Posted on

Hindman: Less than half of all patients take medicines correctly

Hindman: Less than half of all patients take medicines correctly

Social Share

The findings of a recent study at the Milton Cato Memorial Hospital (MCMH) will more than likely result in a change in some procurement and prescribing patterns there.{{more}}

This was revealed at a seminar on Saturday, September 18, at the Methodist Church Hall in Kingstown.

The move is expected to be of benefit to patients.

In the last quarter of 2009, a study was done at the Milton Cato Memorial (MCMH) to evaluate antimicrobial (drugs that includes antibiotics, antifungals, antiprotozoals, and antivirals) drug utilization to improve patient safety, preserve antibiotic sensitivity and optimize fiscal impact.

With regard to resistance, the study found that extreme bacterial resistance was found to be relatively uncommon among patients.

However, some frequently used antibiotics were found to be practically ineffective for several bacterial infections.

At the seminar, most of the presenters spoke of the importance of rational drug use.

Francis Burnett, Head of the OECS Pharmaceuticial Procurement Service Unit, in his presentation on the subject, explained that irrational medicine use, essentially the overuse, underuse or misuse of medicines, is a problem in any society and is difficult to eliminate.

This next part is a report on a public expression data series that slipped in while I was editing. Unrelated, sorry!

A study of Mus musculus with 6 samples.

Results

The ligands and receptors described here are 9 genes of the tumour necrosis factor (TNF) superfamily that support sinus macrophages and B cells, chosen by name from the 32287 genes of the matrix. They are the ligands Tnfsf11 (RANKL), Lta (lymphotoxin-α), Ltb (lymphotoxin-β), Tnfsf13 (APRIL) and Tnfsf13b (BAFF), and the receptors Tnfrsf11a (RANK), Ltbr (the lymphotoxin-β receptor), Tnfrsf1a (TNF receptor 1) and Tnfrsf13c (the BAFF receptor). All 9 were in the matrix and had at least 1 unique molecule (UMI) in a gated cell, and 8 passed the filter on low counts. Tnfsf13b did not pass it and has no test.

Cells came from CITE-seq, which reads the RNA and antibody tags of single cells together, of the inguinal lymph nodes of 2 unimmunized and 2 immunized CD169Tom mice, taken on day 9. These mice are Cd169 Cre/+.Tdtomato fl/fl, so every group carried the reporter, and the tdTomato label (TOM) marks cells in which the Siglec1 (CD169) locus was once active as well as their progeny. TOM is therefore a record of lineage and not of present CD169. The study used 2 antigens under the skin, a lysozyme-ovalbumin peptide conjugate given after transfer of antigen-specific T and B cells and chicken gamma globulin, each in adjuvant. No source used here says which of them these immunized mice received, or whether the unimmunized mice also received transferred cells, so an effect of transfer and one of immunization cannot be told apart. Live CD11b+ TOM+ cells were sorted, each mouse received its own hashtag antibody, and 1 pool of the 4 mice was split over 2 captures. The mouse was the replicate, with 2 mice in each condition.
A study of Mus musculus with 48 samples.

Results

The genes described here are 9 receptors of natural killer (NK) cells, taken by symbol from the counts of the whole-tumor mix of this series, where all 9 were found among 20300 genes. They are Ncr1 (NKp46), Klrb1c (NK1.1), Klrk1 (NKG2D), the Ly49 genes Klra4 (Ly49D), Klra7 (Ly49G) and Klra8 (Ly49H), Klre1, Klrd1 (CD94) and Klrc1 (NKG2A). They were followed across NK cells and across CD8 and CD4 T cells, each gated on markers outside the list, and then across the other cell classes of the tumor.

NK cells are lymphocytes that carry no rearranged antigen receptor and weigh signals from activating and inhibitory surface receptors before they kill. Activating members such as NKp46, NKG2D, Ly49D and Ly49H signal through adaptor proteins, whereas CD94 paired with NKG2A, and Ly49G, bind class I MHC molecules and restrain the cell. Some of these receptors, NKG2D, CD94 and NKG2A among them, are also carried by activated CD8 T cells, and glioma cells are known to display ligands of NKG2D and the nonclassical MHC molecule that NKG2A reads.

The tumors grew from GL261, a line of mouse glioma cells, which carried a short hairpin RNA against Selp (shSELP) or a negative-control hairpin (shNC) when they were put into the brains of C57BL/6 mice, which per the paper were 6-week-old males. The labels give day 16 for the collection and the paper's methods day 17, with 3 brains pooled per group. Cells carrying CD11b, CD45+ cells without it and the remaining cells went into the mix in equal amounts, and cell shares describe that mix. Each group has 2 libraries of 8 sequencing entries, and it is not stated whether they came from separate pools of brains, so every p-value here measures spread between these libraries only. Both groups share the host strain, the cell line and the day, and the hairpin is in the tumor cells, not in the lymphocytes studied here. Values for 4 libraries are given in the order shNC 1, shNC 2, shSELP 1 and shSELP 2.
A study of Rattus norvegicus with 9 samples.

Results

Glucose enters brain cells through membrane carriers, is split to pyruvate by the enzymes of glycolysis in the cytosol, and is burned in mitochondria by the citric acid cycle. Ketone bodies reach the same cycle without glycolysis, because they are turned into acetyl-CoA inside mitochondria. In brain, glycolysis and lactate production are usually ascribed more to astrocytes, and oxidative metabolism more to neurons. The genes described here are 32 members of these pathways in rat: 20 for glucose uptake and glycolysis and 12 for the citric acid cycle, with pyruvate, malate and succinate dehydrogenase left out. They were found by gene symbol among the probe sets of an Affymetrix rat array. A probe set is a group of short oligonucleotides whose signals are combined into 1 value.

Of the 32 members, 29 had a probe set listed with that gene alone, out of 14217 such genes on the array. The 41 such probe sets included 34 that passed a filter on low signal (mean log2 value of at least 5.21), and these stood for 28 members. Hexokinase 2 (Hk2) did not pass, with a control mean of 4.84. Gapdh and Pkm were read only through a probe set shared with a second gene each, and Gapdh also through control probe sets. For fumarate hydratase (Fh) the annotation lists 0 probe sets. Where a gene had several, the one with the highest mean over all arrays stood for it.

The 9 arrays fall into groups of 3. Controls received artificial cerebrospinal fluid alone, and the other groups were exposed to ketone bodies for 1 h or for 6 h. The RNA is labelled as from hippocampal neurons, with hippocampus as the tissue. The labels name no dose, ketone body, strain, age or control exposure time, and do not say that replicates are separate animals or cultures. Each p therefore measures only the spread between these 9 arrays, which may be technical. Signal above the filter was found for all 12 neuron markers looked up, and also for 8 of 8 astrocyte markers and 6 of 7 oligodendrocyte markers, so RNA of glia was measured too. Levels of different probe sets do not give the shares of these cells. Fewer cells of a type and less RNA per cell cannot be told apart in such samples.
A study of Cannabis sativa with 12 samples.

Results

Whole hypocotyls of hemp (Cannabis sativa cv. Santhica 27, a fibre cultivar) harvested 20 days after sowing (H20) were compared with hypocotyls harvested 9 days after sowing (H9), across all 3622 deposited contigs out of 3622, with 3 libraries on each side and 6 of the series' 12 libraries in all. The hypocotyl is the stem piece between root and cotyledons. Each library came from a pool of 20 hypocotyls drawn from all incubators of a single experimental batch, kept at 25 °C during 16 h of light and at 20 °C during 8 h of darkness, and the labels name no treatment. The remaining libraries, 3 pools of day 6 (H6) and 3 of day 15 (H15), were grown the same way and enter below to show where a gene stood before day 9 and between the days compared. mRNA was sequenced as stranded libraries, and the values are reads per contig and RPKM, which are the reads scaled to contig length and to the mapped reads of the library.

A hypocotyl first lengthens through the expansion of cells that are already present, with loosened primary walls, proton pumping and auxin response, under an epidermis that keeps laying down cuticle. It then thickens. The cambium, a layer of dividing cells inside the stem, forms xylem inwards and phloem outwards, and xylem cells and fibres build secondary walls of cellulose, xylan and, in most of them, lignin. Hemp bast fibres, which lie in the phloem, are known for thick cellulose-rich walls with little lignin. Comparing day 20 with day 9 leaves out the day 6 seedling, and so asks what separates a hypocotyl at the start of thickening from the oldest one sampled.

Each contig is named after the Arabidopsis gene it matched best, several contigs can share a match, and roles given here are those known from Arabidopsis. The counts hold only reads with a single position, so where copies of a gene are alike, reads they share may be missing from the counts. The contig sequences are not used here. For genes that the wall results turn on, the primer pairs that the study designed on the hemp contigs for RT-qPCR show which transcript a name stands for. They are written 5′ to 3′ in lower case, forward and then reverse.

He said while factors contributing to irrational drug use are varied, prescribers and dispensers play a central and crucial role in the practice.

Burnett pointed out that prescribers may have financial interest to prescribe more drugs, brand name and newly marketed drugs with exorbitant prices. He said they may also be influenced by the promotions of drug companies and/or their representatives, and inappropriate advertisement through the media.

Dr. Diane Hindman, a pharmacist, in a presentation which also addressed the issue of rational use of drugs, said the World Health Organization’s (WHO) definition of rational use of medication is that “patients need to receive medications that are appropriate to their clinical needs, in doses that meet their own individual requirements, for an adequate period of time, and at the lowest cost to them and their community.”

She said globally more than 50 per cent of medicines are prescribed, dispensed or sold inappropriately and less than half of all patients take medicines correctly.

“If someone has a viral infection often times physicians are sort of pushed to give the patient a prescription. So we often see antibiotics prescribed and in fact we all know that antibiotics are not going to do a darn thing for a viral infection,” said Hindman.

Giving details of a study carried out at the MCMH during the latter part of 2009, Hindman disclosed that in December 2009 there were 875 inpatient and 750 outpatient antimicrobial prescriptions dispensed by the hospital pharmacy.

She said of all patients getting medication at the hospital 43 per cent were inpatients and 40 per cent were outpatients.

On the matter of antimicrobial use on the wards, Hindman disclosed that two thirds of Maternity patients received an antimicrobial compared with about one third of the patients on the Female Medical Ward.

Hindman said the researchers were unable to understand why the data reflected such findings, but issues that they are not able to understand with the study can be investigated in the future.